Prof. Joe Iorapuu, Vice-Chancellor of Benue State University, BSU, said on Monday that between 2010 and 2019, students of the school owed the university approximately N1.82 billion in unpaid tuition.
He noted that, in addition to non-payment of tuition, many students were in the habit of failing to register as legitimate students of the institution even after they had paid their fees, therefore depriving themselves of the privileges granted to recognized students of the university.
The Vice-Chancellor who spoke in Makurdi against the backdrop of the rumoured instigated protest by selected students against the reforms his administration had introduced in the university said the reform was already yielding positive results.
According to him, “we have achieved remarkable results in our reform agenda though I am still working on it and I understand that the population of students is 24,135. And the information I received from my ICT unit is that out of this, 19,828 have registered, which is 82 percent of the student population.
“They told me that they had never achieved up to 40 percent in the past. This means that some students would come to school pay fees without registering while some will not pay at all but attend lectures claiming to our students.
“Also, out of the above number, 997 students representing four percent paid but failed to register and you cannot believe that this number includes 300 and 400 levels students. While a population of 3,320 which is 13 percent have not paid or registered and some are attending lectures.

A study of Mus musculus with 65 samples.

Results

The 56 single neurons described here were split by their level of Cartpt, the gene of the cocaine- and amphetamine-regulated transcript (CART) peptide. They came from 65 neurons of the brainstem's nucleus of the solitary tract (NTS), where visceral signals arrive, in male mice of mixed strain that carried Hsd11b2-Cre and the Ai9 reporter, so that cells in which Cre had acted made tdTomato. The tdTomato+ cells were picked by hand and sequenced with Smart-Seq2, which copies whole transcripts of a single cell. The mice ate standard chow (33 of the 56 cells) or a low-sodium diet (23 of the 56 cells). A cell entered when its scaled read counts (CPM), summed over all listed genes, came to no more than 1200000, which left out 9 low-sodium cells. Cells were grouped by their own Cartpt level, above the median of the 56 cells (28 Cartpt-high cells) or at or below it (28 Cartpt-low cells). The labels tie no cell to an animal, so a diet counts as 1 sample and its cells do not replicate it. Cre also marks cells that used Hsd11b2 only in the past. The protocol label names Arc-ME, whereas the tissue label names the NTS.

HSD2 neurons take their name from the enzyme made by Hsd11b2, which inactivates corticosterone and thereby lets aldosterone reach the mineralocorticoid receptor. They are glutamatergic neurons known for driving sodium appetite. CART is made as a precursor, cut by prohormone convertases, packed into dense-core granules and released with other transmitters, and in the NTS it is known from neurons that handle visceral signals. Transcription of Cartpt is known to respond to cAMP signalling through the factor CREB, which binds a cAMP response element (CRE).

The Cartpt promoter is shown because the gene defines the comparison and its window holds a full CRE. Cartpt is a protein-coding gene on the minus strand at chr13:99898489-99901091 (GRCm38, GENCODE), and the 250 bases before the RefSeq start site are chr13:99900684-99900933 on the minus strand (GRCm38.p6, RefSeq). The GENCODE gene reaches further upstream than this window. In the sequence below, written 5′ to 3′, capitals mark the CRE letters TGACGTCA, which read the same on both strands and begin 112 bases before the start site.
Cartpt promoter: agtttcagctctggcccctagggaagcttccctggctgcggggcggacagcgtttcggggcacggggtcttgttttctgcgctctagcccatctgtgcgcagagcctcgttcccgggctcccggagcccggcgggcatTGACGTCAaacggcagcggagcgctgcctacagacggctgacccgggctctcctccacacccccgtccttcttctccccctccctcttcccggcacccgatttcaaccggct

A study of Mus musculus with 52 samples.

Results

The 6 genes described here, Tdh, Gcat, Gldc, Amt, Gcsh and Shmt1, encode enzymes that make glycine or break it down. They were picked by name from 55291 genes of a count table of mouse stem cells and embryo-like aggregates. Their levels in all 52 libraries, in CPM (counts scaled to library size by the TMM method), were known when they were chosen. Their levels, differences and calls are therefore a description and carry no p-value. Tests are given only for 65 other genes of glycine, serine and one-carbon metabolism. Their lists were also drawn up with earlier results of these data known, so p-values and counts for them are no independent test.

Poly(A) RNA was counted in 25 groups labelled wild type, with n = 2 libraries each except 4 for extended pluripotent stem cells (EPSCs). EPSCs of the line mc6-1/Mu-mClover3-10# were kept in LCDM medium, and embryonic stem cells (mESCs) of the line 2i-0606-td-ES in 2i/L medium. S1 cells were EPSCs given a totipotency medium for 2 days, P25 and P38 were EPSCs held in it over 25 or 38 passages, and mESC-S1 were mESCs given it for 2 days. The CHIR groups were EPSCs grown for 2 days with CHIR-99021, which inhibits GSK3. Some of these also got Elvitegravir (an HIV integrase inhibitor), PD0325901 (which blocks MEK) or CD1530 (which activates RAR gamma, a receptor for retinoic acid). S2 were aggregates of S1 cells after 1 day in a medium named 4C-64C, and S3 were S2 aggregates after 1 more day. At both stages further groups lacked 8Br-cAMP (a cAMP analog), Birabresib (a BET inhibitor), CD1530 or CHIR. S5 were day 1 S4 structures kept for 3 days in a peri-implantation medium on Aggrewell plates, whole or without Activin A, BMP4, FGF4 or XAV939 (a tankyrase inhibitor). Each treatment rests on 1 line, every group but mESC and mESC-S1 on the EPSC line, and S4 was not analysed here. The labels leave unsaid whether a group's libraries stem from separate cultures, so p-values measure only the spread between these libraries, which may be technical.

“And in terms of human capital development that figure is huge because 200 bad eggs can destroy over 10,000 people who want to have peace of mind.
“So for me and the university, this is a source of worry. Many have resorted to social media to claim that it is a community school and that they do not need to pay fees. But without paying fees how do we run the university and provided amenities because outside salaries the government does not give us anything extra.”
The Vice-Chancellor cautioned students against casting the university in bad light on social media over policies that were meant for the good of the students saying “you cannot call your university a scam and expect that school to issue you a certificate.”
He noted that the decision to have all students undergo necessary registration in order to be recognized as students of the university was sacrosanct stressing that he had already met with the Student Union over the matter.
Prof. Iorapuu stated that the union acknowledged the benefits of the reforms and the university had decided to reopened its portal to allow those who did not register to do so to enable them to write their examinations just as they have apologized in writing.
“We told them that we have listened to them. And we have 997 that paid but did not resister, so beginning from yesterday (Sunday) at 8 pm we are opening the portal for them to register and by 6 pm Monday we will close it. And they were happy.”
He said the management also decided to reopen the portal to enable payments and registration of the other 3,320 students starting by 12noon Monday to 6 pm Tuesday. “And the argument is that we have made our statement that it is very clear now that it is no longer business as usual.
“So, with this, all those students who are planning to go on the streets tomorrow to protest will have no basis because as far as we are concerned we have taken the necessary steps to address their concerns though there are people who are still stoking embers of crisis,” he said.